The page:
As the debate over the effectiveness on antidepressants rumbles on, Wyeth has got the green light from US regulators for Pristiq, a derivative of the firm’s blockbuster Effexor.

The US Food and Drug Administration has approved Pristiq (desvenlafaxine), a structurally novel, once-daily serotonin-norepinephrine reuptake inhibitor, to treat adult patients with major depressive disorder. The thumbs-up was based on four eight-week, randomised, double-blind, placebo-controlled, fixed-dose studies in adults and at the recommended dose of 50mg, the discontinuation rate due to an adverse experience for Pristiq (4.1%) was similar to placebo (3.8%).

However, Wyeth noted that FDA approval was subject to “several post-marketing commitments”, including conducting and submitting data from a new long-term maintenance study. The agency also wants the firm to carry out a sexual dysfunction study, paediatric trials, a study exploring lower doses and an additional non-clinical toxicity trial.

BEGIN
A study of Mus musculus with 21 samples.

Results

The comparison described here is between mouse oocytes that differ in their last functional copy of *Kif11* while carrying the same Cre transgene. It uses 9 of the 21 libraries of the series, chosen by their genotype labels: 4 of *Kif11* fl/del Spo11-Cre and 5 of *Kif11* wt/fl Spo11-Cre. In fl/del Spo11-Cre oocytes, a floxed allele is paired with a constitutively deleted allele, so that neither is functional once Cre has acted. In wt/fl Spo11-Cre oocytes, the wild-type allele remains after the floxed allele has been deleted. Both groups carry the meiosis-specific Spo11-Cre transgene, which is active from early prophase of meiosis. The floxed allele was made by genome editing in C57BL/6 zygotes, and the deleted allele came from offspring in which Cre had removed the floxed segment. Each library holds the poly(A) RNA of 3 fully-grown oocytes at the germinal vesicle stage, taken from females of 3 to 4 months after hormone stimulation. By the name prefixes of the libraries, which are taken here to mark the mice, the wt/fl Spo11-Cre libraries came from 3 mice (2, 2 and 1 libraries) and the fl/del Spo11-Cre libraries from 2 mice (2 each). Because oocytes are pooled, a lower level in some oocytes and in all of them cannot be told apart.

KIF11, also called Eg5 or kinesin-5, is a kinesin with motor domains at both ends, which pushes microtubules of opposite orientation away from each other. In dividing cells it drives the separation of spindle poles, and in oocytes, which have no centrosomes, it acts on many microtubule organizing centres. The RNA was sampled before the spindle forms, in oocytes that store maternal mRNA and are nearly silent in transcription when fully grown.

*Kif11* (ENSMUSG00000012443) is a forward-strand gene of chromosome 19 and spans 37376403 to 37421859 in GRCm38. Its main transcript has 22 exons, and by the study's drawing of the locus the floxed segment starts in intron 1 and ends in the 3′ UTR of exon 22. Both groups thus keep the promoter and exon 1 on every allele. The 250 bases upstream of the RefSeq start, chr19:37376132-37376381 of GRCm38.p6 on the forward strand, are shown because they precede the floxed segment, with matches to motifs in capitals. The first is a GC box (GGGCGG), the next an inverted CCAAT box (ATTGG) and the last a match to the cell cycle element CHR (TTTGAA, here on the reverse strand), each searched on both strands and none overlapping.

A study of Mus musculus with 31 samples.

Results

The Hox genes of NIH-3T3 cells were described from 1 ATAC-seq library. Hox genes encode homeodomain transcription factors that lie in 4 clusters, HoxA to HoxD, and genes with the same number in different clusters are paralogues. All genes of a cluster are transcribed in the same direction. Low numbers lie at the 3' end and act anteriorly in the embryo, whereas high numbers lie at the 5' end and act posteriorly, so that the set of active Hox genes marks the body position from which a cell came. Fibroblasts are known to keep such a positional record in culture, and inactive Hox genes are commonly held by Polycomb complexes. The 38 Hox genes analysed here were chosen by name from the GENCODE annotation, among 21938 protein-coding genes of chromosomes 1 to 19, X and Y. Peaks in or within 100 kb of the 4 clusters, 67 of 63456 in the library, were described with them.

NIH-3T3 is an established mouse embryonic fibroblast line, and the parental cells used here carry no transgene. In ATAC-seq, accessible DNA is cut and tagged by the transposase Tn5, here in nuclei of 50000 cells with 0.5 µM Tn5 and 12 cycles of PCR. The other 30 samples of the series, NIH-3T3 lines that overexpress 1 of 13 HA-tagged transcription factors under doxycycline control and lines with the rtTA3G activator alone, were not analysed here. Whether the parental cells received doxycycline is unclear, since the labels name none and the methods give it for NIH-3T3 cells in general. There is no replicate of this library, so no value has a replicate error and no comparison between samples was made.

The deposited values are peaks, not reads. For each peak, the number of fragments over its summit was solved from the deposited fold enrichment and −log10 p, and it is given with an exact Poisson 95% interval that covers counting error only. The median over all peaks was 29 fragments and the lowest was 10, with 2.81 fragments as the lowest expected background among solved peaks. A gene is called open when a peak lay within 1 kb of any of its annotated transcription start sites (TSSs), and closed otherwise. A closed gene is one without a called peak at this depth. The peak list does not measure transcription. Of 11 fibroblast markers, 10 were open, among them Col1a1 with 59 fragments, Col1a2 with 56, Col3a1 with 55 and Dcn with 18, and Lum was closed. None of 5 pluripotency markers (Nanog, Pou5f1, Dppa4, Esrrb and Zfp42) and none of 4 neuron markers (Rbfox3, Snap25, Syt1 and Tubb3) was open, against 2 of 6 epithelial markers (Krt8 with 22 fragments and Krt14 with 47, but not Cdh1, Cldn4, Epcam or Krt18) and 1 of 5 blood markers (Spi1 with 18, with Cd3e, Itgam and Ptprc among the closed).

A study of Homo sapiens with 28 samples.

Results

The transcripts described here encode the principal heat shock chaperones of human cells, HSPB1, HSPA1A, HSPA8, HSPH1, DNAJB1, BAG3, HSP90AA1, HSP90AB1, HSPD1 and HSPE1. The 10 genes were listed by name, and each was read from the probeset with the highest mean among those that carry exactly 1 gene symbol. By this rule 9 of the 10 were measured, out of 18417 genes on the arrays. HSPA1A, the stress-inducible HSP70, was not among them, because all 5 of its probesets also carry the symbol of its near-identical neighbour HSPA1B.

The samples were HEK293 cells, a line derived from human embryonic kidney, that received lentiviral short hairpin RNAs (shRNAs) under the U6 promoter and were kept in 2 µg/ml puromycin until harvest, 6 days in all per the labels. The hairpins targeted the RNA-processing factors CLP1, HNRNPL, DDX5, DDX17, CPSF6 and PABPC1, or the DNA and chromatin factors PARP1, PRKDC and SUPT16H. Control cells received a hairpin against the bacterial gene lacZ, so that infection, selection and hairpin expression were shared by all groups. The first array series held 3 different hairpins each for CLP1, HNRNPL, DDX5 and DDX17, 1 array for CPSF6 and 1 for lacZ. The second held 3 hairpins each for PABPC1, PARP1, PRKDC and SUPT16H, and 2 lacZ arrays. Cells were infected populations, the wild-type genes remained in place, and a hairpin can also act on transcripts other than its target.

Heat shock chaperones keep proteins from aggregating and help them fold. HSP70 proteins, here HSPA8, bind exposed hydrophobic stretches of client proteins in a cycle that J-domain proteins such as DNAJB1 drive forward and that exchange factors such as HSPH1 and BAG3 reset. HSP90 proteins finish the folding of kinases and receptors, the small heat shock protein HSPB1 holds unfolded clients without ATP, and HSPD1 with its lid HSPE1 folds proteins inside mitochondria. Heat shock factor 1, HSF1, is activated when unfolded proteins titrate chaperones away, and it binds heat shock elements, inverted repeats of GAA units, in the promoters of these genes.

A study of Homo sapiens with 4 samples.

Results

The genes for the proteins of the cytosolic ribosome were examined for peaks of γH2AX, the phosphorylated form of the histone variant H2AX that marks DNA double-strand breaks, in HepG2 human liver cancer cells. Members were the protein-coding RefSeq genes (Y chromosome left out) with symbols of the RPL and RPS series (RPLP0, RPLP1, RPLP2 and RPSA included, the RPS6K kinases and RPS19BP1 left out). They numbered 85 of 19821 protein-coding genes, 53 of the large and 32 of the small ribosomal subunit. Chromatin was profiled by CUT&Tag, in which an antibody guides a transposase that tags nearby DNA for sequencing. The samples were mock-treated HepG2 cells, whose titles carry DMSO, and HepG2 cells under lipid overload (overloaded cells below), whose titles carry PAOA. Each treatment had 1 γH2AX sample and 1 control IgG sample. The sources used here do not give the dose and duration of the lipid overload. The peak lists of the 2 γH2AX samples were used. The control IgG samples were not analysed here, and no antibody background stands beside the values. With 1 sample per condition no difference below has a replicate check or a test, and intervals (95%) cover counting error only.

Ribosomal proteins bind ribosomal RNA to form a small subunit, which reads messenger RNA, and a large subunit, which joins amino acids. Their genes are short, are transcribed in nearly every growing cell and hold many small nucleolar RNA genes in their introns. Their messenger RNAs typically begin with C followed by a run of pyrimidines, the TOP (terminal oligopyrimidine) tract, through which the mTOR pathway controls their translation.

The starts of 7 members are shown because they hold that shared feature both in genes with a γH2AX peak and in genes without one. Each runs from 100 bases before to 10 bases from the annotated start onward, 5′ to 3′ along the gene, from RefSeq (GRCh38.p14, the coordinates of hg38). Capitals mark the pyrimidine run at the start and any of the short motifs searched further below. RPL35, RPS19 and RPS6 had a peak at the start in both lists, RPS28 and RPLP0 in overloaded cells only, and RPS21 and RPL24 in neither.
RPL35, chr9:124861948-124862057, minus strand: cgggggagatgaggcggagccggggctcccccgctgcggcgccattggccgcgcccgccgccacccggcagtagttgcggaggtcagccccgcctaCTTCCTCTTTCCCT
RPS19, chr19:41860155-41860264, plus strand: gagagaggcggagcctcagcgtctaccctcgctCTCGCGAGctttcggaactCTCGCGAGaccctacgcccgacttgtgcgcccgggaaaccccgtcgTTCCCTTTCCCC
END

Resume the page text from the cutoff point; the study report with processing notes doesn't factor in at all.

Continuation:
Wyeth, which expects to begin shipping Pristiq to wholesalers beginning in the second quarter, will be hoping that sales of the new treatment should help compensate for the loss of earnings once Effexor (venlafaxine) faces generic competition in 2010. The approval of Pristiq comes just over a year after the firm submitted the results of two studies that the FDA had asked for when it issued only an approvable letter for Pristiq.

In the past, Wyeth has claimed that Pristiq could bring in sales of around $1 billion but that enthusiasm is not shared by many in the investment community. Timothy Anderson, an analyst at Sanford Bernstein, issued a research note pointing out that the data Wyeth has produced fails to distinguish Pristiq from other antidepressants. He added that “payers are not likely to widely cover Pristiq in our view, and we forecast only low levels of sales,” some $500 million by 2012.